Old antiques find new homes

Old antiques find new homes

It’s an early morning, and Pierce College’s parking Lot 7 is filled with rows of tables lined with antiques and food trucks parked, ready to go.

A sense of normalcy and familiarity is in the air. The Topanga Vintage Market has marked its return.

After a year and a half hiatus following the college’s temporary Los Angeles County vaccination site, the vintage market is back in full swing, open every fourth Sunday of the month.

Lori Rotblatt, co-founder of the Topanga Vintage Market, said that after being away for a whole year, everyone was excited to finally return.

“We had a record turnout,” Rotblatt said. “All our vendors were ecstatic, the shoppers were ecstatic, and Patrice and I were just so happy, so it’s a win, win, win.”

Co-founders Rotblatt and Patrice Curedale were single moms and longtime friends in the art and vintage markets when it all started in 2012. Rotblatt has a degree from Cal State Long Beach in Art and a business background. Curedale is an artist who makes and sells art – a savvy marketer who, along with Rotblatt, decided to start their own vintage market after researching and not finding any vintage markets in the San Fernando Valley. Since then they have continued to grow year after year. 

“The hardest job was to find a location to host us. Originally we started at the Promenade on Topanga but after a year, we got so big, so fast, that we outgrew the parking lot.” Rotblatt said.  “We reached out to Pierce and at the time they were looking for a venue that could offer the local community events with a lot of high energy and we had it with our vintage market.”

Today, the Topnga Vintage Market is full of all kinds of vendors but not all are allowed in, all vendors are vetted and must sell items that are at least twenty years old or older. Although, they allow room for new artists to get exposure. 

Glenn Hendricks, at seventy-seven years old, has been a vendor since the beginning in 2012. In the community of vendors and shoppers, he is known as Uncle Rusty Glenn. His booth is filled with vintage rustic toys, tools, and signs.

“I was doing great when I was the only one selling vintage rustic toys but it seems now there’s more vendors selling vintage toys, but I’m still doing well.” Hendricks said. “I tend to do well selling, depending on the customers, but right now the customers are holding on to their money with all that’s going on.”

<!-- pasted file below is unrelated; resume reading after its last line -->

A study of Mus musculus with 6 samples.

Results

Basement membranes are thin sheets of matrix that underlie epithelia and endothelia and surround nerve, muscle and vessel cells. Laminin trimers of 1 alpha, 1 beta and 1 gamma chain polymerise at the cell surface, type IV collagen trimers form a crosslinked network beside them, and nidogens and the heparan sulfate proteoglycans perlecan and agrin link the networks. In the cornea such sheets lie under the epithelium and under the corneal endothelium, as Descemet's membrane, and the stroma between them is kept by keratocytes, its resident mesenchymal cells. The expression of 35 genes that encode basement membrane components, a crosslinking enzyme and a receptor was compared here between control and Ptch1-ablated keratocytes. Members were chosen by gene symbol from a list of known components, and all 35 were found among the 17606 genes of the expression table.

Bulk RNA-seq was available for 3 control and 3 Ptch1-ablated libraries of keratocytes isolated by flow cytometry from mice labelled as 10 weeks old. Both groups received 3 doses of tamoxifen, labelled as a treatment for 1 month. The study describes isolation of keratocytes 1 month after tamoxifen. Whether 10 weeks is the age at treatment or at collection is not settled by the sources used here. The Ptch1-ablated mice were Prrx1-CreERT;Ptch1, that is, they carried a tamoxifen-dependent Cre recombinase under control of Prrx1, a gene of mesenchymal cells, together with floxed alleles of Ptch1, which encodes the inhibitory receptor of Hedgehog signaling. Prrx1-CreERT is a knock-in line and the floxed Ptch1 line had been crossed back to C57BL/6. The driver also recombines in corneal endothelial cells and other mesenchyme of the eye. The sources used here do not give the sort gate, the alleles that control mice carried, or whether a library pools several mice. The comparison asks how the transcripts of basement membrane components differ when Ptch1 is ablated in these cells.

Once the Topanga Vintage Market was shut down for a year and a half, so was Hendricks. Retired and living on his own with little to do, selling vintage toys became a hobby that keeps him active, so he is thrilled to be back doing what he loves: selling rust.

“This is my first time at the Topanga Vintage Market. I always see the signs since I live a mile away but today I told my mom they’re back, let’s go.” Customer Kat James said “…I’ve had three perfect purchases so far. Everything is speaking to me with lots of good energy today.” 

Walking around the vintage market, there’s all kinds of interests, ranging from Native American art, vintage jewelry, toys and mid-century furniture. There is something for everyone to see and buy. The pricing varies but vendors do welcome customers who are looking to make a deal on an item, especially towards the end of the day.

Vendors like Emily Ryan, who enjoy the social engagement of repeat customers stopping by her booth to say hello and check out what she’s brought to the market. She sells antiques, collectibles, linens, clothes and jewelry. Pretty much anything that the public will find interesting. 

“I’ve been a vendor since the beginning when they were first at the Promenade. I’ve been a shopper and buyer for over thirty-five years in this business. I think most people want items that are no more than twenty dollars so I have tables that say ten and five dollars. Some people are just out to be outside and socialize.” Ryan said.

“It’s my first time at the Topanga Vintage Market, it’s nice that it’s smaller and spread out with more room to move around. All the vendors seem to be really nice and willing to make a deal.” customer Sam Parkins said.

“Next year in April, it will be our tenth anniversary since starting the vintage market and next month in October, it will be our eighth year here at Pierce College. It’s amazing how time flies and how good our vendors and shoppers continue to be.” Curedale said.